U.S. markets closed
  • S&P 500

    +39.95 (+1.06%)
  • Dow 30

    +321.83 (+1.05%)
  • Nasdaq

    +99.11 (+0.90%)
  • Russell 2000

    +19.77 (+1.16%)
  • Crude Oil

    +2.70 (+2.55%)
  • Gold

    +5.60 (+0.31%)
  • Silver

    -0.51 (-2.50%)

    -0.0057 (-0.54%)
  • 10-Yr Bond

    -0.0830 (-2.79%)

    -0.0072 (-0.59%)

    -0.5530 (-0.41%)

    -263.37 (-1.36%)
  • CMC Crypto 200

    +0.70 (+0.17%)
  • FTSE 100

    -0.63 (-0.01%)
  • Nikkei 225

    -457.42 (-1.73%)

ECB confirms end of bond buying as it leaves rates unchanged

·Finance Reporter, Yahoo Finance UK
·3 min read
The logo of the European Central Bank (ECB) is pictured outside its headquarters in Frankfurt, Germany, December 8, 2016.  REUTERS/Ralph Orlowski
The ECB has confirmed plans to end bonds buys in third quarter. Photo: Ralph Orlowski/Reuters

The European Central Bank (ECB) has left its key interest rates unchanged, sticking to plans to slowly unwind extraordinary stimulus.

The ECB kept its main policy rate unchanged at minus 0.5% and repeated its statement that the “calibration of net purchases for the third quarter will be data-dependent and reflect its evolving assessment of the outlook”.

Read more: European stocks rally after ECB leaves interest rates unchanged

"How the economy develops will crucially depend on how the [Ukraine] conflict evolves, on the impact of current sanctions and on possible further measures," the ECB said.

Once the bond buying program is completed, the ECB is expected to begin hiking interest rates, following the same path as the Bank of England and the US Federal Reserve.

"Any adjustments to the key ECB interest rates will take place some time after the end of the Governing Council’s net purchases under the APP and will be gradual," it added.

The rate on the central bank's main refinancing operations remains at zero, its marginal lending facility at 0.25% and its bank deposit rate at negative 0.5%.

Eurozone inflation hit 7.5% in March, much higher than the ECB’s 2% target.

ECB President Christine Lagarde has warned Russia's war in Ukraine is "severely" impacting the eurozone economy, with surging energy costs, supply chain disruptions and weaker consumer confidence weighing on growth.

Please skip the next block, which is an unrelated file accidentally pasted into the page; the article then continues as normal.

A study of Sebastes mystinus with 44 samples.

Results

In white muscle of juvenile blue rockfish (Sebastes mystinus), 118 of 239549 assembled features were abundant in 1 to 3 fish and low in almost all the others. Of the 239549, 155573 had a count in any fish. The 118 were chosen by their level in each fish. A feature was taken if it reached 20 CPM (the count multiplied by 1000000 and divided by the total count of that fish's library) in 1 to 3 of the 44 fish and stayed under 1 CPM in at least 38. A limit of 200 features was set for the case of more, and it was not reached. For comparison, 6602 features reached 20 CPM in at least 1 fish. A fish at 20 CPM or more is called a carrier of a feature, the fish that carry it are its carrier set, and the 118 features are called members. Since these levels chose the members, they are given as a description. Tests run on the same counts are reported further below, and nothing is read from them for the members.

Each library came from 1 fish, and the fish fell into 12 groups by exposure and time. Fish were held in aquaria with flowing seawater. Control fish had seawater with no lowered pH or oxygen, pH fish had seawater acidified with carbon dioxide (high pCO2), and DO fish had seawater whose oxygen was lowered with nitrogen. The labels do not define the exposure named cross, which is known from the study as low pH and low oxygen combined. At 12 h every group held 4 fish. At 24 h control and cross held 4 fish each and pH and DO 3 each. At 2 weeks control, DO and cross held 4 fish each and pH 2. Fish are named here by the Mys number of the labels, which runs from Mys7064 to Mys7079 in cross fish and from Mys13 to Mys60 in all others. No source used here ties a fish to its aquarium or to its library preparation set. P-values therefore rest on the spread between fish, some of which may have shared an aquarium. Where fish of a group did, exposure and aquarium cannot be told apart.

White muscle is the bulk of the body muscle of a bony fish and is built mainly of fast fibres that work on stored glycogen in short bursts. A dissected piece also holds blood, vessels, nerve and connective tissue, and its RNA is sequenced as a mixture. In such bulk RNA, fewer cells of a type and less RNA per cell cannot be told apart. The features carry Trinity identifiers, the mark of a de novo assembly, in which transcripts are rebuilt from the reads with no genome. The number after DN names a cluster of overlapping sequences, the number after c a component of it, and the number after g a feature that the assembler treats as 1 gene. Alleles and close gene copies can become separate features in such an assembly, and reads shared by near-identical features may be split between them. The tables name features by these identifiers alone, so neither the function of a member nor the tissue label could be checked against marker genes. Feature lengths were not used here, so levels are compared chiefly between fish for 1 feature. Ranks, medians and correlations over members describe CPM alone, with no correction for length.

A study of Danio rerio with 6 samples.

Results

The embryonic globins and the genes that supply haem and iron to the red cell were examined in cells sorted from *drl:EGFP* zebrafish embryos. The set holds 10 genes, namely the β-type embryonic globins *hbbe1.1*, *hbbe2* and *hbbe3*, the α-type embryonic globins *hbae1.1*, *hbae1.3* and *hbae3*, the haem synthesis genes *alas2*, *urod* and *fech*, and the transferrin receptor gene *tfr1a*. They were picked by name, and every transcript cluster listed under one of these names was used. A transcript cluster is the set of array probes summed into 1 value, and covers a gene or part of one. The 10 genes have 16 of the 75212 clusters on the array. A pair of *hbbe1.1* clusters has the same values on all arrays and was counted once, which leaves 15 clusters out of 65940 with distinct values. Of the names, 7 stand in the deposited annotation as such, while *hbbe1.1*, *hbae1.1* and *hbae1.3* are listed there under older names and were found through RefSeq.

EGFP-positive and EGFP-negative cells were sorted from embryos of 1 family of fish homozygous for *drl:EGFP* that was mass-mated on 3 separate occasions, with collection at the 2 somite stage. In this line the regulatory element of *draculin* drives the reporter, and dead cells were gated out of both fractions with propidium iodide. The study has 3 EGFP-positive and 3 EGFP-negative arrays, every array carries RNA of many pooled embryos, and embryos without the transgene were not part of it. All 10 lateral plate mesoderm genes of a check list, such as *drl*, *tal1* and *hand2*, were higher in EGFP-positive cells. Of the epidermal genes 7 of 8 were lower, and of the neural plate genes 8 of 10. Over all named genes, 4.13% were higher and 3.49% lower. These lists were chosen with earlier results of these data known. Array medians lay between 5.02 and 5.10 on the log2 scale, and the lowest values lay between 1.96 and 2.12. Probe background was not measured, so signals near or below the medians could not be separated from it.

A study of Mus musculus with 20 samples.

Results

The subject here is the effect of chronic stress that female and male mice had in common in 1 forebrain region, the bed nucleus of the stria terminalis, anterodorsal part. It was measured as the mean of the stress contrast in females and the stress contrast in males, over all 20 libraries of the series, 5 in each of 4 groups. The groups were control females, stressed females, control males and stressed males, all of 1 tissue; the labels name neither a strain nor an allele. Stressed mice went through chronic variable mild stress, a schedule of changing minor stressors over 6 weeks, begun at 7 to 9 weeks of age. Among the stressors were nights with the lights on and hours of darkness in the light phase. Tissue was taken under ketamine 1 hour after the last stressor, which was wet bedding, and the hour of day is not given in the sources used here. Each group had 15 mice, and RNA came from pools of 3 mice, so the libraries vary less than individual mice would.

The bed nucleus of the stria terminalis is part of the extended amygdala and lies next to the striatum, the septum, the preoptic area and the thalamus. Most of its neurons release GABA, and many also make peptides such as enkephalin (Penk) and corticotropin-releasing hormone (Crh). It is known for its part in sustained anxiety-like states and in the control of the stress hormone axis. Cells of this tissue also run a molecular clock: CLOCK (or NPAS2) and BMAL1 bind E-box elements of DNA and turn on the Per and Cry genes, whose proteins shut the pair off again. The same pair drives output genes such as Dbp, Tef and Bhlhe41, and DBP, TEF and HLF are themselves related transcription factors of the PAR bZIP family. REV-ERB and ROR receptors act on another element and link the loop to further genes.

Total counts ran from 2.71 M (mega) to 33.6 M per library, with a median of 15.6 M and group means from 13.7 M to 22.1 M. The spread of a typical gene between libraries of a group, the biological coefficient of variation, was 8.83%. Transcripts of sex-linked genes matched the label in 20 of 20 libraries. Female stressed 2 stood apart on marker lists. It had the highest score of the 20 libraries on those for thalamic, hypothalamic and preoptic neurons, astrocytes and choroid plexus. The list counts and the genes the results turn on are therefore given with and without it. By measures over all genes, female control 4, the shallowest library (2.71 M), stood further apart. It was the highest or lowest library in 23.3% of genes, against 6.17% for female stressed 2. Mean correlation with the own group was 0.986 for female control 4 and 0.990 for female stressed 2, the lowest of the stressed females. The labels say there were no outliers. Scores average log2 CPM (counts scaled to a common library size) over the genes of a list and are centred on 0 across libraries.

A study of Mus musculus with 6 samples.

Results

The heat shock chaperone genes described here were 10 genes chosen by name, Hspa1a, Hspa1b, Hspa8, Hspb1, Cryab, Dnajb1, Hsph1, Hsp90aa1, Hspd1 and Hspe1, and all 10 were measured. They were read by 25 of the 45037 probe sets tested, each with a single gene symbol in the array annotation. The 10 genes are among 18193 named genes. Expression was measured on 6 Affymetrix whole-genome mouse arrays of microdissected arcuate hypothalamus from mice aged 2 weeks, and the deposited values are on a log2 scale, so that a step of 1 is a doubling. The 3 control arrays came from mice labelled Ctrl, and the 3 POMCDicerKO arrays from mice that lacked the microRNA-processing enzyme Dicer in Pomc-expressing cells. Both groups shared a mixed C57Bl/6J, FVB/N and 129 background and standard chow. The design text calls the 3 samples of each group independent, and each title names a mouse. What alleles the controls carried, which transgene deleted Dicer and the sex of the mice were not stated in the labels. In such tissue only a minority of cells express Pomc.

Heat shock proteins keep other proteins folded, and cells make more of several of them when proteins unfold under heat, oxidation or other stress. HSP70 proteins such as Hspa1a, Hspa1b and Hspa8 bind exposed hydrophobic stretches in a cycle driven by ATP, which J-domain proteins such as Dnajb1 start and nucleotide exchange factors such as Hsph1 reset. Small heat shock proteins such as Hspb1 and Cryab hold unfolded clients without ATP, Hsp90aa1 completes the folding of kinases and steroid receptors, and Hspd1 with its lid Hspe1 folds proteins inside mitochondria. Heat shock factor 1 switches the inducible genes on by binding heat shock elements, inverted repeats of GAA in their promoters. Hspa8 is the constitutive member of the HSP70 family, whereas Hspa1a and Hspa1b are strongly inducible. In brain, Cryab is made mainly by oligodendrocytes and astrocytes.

She said: "Russia’s aggression towards Ukraine is causing enormous suffering. It is also affecting the economy, in Europe and beyond.

"The conflict and the associated uncertainty are weighing heavily on the confidence of businesses and consumers. Trade disruptions are leading to new shortages of materials and inputs.

She added: "The war in Ukraine is severely affecting the euro area economy and has significantly increased uncertainty.

"The impact of the war on the economy will depend on how the conflict evolves, on the effect of current sanctions and on possible further measures. Inflation has increased significantly and will remain high over the coming months, mainly because of the sharp rise in energy costs."

Gurpreet Gill, macro strategist at Goldman Sachs Asset Management, said the next milestone in the ECB’s policy normalisation program will be a decision on the pace of asset purchases next quarter, and that this will likely be the focus at the central bank’s July meeting.

"With market-implied pricing already pointing to a July rate lift-off and a total of three rate hikes this year, we see limited scope for any hawkish rhetoric to push pricing higher," Gill added.

Read more: UK inflation hits 30-year high of 7% as cost of living crisis deepens

Neil Birrell at Premier Miton Investors questions whether the ECB's slow and steady approach will be enough.

"Coming into this meeting, the ECB had to deal with inflation being four times target. So it was no surprise to hear it say it will take whatever action is needed to fulfil its mandate.

"Asset purchases should end in the third quarter, then we will see rates up at some point after that. It is sticking with a gradual and flexible approach, which is good, but will it act fast enough? It is clear that the war in Ukraine is a major concern for the bank."

The ECB continues to forecast that inflation will dip back below its 2% target in two years time as energy prices retreat.

Watch: How does inflation affect interest rates?